Lawmakers move to protect student data
PIERRE -- Information collected in schools about South Dakota students must be limited, and restrictions must be placed on sharing the data, the state House of Representatives decided Monday.
House members voted 70-0 for the legislation from Sen. Ernie Otten, R-Tea, and Rep. Jim Stalzer, R-Sioux Falls. SB 63 is now in its fourth version and needs to return to the Senate for further consideration.
The Senate passed the measure 34-0 on Jan. 23. According to Rep. Jacqueline Sly, the bill hasn't received a single vote of opposition so far.
"Privacy of student data has come to the forefront the last few years," said Sly, R-Rapid City. She is chairman of the House Education Committee.
Stalzer said one section of the legislation establishes nine items, ranging from political and religious beliefs to gun ownership and income, which students can't be asked by school officials without permission from their parents.
The state secretary of education would receive authority to add more items to that list, Stalzer said.
The state Department of Education would be charged with responsibility to develop security measures to protect student data from unauthorized persons or unauthorized uses.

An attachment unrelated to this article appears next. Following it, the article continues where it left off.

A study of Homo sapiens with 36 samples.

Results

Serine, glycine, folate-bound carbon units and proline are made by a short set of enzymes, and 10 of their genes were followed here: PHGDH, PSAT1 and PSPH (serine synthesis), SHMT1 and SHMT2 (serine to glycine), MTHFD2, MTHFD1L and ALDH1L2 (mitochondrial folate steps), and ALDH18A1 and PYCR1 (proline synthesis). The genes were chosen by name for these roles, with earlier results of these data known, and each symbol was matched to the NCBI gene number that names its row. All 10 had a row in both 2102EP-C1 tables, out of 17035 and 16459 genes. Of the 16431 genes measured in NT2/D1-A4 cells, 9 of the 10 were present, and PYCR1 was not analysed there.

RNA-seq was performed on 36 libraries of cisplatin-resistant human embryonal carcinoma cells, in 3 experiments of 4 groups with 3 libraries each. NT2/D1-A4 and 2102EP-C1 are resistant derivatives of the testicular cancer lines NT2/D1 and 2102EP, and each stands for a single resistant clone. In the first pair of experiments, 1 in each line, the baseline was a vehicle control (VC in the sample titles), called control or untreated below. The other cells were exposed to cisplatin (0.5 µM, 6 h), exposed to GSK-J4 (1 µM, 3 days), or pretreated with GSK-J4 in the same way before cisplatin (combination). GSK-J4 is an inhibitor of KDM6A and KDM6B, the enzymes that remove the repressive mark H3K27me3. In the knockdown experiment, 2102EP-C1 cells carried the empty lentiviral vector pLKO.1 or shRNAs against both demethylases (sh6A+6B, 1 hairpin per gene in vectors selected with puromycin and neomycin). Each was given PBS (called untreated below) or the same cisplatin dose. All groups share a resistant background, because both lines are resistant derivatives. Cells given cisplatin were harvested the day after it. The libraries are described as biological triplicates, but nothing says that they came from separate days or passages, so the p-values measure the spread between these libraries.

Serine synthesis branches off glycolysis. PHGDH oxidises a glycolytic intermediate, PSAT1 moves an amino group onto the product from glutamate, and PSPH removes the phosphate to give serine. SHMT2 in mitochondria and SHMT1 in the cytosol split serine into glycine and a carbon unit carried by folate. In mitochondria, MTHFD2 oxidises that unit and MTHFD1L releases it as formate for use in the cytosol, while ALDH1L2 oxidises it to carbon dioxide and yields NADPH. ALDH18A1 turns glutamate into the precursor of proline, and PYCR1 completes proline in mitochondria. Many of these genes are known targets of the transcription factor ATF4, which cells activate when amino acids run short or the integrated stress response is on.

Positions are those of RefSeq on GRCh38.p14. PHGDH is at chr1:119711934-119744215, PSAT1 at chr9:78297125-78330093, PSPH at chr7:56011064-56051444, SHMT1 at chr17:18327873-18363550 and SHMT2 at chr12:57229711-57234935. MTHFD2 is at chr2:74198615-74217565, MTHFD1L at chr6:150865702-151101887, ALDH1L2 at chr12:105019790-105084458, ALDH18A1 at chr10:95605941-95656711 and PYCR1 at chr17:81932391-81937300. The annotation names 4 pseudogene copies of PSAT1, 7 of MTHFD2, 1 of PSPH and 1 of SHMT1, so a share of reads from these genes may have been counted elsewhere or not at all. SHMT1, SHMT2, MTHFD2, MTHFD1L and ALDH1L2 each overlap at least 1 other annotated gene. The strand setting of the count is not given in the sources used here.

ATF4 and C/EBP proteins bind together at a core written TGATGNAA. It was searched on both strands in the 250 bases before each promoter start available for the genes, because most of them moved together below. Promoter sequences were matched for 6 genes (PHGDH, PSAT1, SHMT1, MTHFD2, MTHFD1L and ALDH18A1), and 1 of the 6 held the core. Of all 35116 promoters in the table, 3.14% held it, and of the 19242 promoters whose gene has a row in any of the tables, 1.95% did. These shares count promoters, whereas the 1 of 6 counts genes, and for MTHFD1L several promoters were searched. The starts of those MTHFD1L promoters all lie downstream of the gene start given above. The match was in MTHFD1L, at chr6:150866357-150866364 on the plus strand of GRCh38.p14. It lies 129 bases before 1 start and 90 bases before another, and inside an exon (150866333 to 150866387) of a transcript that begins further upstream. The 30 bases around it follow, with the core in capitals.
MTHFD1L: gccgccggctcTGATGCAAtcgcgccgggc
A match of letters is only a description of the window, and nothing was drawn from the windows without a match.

The measure also would prohibit release of personal information to the U.S. Department of Education other than for purposes of improving migrant programs.
"They can send aggregate but not personally identifiable," Stalzer said.
He said parents are looking for additional protections because South Dakota is participating in the new Smarter Balanced achievement tests being used by many states.
Smarter Balanced tests are in a trial run this year in South Dakota as part of the conversion to the new Common Core standards for math and English language arts. Common Core has been the target of many bills and resolutions from opponents this legislative session.
The Otten-Stalzer bill is "another step forward," said Rep. Jim Bolin, R-Canton. He has been the Legislature's leader against Common Core in recent years.